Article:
One of the best things about being a copywriter is that I get to meet many different people in a wide variety of industries, jobs and professions. I love to research those fields in order to write about them convincingly and the encounters are often highly informative.
A few weeks ago I met a woman who told me she is a Dementia Friend and that that could allow her business to benefit the local community. I was instantly spurred on to find out more. My fantastic father had recently been diagnosed with early-stage dementia and I was on a mission to educate myself more about the condition and specifically how it would affect my dad and, of course, my mum.
I investigated how to become a Dementia Friend. All I had to do was go to a local one-hour session with a Dementia Friend volunteer. It is really that simple. So, I booked myself onto the next session – free of charge – and duly turned up at the appointed time. I met a wonderful woman, Chris P, who, in less than 60 minutes, managed to educate, enlighten and inspire me.
I won’t pretend it was easy listening. The ever-increasing growth of dementia diagnoses means it is a condition with which we are all familiar. But I was shocked to learn there are now more than 850,000 people in the UK with dementia of whom 39% are men and 61% are women – it is the leading cause of death among women in the UK. And there are over 100 different types of dementia of which Alzheimer’s is one. Throughout Chris’s talk, I couldn’t help but connect everything she said back to my dad. I couldn’t bear the thought of my dad, the man I most admire and respect and who is always there for me, being unable to control, or even have knowledge of, what might happen to him.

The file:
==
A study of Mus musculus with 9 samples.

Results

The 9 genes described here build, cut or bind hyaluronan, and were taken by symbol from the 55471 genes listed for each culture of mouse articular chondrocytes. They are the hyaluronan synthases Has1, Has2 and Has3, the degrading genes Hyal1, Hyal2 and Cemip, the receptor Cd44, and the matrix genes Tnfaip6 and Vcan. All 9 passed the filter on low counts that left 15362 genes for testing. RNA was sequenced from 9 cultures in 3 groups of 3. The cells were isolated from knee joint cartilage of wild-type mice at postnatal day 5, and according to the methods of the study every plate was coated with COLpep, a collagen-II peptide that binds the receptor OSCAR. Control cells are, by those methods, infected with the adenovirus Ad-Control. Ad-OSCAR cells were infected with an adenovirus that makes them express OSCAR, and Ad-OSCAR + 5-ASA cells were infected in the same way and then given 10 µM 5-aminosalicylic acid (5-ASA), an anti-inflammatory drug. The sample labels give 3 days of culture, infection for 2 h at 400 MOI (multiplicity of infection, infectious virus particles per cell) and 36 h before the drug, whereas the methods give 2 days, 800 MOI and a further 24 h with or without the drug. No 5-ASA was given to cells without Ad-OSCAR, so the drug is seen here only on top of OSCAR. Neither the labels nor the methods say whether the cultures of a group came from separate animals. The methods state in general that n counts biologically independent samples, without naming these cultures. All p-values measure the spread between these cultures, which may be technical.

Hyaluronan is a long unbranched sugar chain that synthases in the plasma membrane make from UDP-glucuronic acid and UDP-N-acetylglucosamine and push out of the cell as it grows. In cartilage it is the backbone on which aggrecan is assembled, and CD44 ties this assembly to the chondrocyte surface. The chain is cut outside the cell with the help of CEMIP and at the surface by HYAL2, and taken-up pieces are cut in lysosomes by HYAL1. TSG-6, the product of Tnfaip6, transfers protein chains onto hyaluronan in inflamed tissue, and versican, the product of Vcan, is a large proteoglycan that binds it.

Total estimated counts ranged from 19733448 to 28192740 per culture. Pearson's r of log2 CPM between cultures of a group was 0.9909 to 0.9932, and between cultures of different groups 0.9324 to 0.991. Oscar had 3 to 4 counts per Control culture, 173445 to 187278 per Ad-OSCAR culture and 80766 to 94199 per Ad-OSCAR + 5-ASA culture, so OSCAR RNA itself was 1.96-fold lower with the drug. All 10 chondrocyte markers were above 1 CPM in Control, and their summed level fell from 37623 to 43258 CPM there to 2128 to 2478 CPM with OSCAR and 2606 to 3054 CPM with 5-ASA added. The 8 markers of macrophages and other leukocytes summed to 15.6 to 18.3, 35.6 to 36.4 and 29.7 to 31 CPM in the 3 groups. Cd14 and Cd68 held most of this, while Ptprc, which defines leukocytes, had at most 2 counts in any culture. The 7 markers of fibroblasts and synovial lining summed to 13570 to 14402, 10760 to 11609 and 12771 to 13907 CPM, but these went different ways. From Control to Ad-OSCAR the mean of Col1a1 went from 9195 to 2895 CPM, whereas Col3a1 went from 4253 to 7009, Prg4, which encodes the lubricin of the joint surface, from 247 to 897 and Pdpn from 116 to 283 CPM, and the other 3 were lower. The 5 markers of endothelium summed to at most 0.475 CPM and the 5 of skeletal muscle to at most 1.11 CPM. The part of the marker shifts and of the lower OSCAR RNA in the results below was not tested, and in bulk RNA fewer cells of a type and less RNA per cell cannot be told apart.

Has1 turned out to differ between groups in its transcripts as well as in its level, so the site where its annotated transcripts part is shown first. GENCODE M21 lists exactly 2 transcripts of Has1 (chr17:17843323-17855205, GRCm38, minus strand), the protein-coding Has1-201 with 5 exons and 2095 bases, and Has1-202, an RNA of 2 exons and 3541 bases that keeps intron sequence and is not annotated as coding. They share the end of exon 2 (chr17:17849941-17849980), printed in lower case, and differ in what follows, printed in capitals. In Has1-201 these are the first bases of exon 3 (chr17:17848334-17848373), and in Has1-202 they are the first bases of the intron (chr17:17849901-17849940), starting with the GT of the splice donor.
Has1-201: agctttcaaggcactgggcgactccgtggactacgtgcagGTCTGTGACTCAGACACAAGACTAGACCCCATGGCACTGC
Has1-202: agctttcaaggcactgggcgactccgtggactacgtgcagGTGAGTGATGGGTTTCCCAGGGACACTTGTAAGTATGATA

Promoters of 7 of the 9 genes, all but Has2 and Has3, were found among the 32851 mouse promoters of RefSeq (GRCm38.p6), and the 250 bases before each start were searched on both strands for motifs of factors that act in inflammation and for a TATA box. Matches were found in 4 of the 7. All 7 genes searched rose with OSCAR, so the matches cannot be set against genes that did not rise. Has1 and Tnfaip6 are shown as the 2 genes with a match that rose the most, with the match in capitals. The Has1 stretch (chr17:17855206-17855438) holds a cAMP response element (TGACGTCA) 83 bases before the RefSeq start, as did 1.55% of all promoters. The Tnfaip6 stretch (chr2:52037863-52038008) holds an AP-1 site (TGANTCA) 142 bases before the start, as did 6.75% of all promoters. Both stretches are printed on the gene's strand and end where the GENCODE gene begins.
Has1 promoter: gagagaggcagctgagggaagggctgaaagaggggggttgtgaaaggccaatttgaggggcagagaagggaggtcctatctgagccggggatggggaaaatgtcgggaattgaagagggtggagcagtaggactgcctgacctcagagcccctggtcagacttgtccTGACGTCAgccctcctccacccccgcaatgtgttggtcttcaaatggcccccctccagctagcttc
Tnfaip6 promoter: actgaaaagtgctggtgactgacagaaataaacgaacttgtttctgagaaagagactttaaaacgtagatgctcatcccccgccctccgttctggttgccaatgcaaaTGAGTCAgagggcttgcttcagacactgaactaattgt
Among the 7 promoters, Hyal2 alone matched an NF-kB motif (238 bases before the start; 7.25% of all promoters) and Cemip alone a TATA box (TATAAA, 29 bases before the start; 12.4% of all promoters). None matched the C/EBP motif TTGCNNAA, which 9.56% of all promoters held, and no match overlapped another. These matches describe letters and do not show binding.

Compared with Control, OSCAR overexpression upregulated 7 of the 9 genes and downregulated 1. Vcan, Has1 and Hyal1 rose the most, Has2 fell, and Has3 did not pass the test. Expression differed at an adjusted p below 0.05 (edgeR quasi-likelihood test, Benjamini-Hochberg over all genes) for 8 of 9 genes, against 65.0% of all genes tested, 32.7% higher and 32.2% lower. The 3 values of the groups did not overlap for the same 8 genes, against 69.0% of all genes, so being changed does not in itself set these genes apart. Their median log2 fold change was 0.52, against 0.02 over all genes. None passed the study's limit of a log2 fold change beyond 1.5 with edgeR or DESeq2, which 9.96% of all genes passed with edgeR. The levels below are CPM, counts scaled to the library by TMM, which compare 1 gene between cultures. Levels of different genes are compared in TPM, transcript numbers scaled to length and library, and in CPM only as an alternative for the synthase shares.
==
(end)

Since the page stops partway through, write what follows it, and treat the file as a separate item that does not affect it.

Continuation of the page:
Dementia to me isn’t just about memory deterioration but confusion and frustration. Confusion as to why everyday tasks become so difficult, frustration at not being able to carry out those tasks – and the confusion and frustration of those who encounter dementia sufferers. Imagining strangers getting cross with my dad for fumbling for money in a shop, or not instantly comprehending instructions he’s given – selfishly, that really upsets me. But how will it actually feel for Dad? Will he be aware? And how will Mum adapt to these changes that may start affecting her husband of more than 50 years?
One of the many things I took from my session with Chris is that we have a duty of care to help anyone we see who may need assistance. If you know that someone in your community has dementia, keep an eye out for them and offer friendly help. You would want the same for your parents. Or husband or wife. Take the time to be patient – I’m as guilty as the next person for huffing if I’m delayed for a minute or two. And look in to becoming a Dementia Friend. Possessing that little bit of knowledge and insight is incredibly empowering whilst also having a salutary effect.
I know that my family and I are lucky. I’ve got two wonderful parents who live nearby, enjoy a great life in their lovely home and are kind, generous people. Dad is still Dad and we hope his early diagnosis means his dementia plateaus. But whatever happens, he always will be Dad.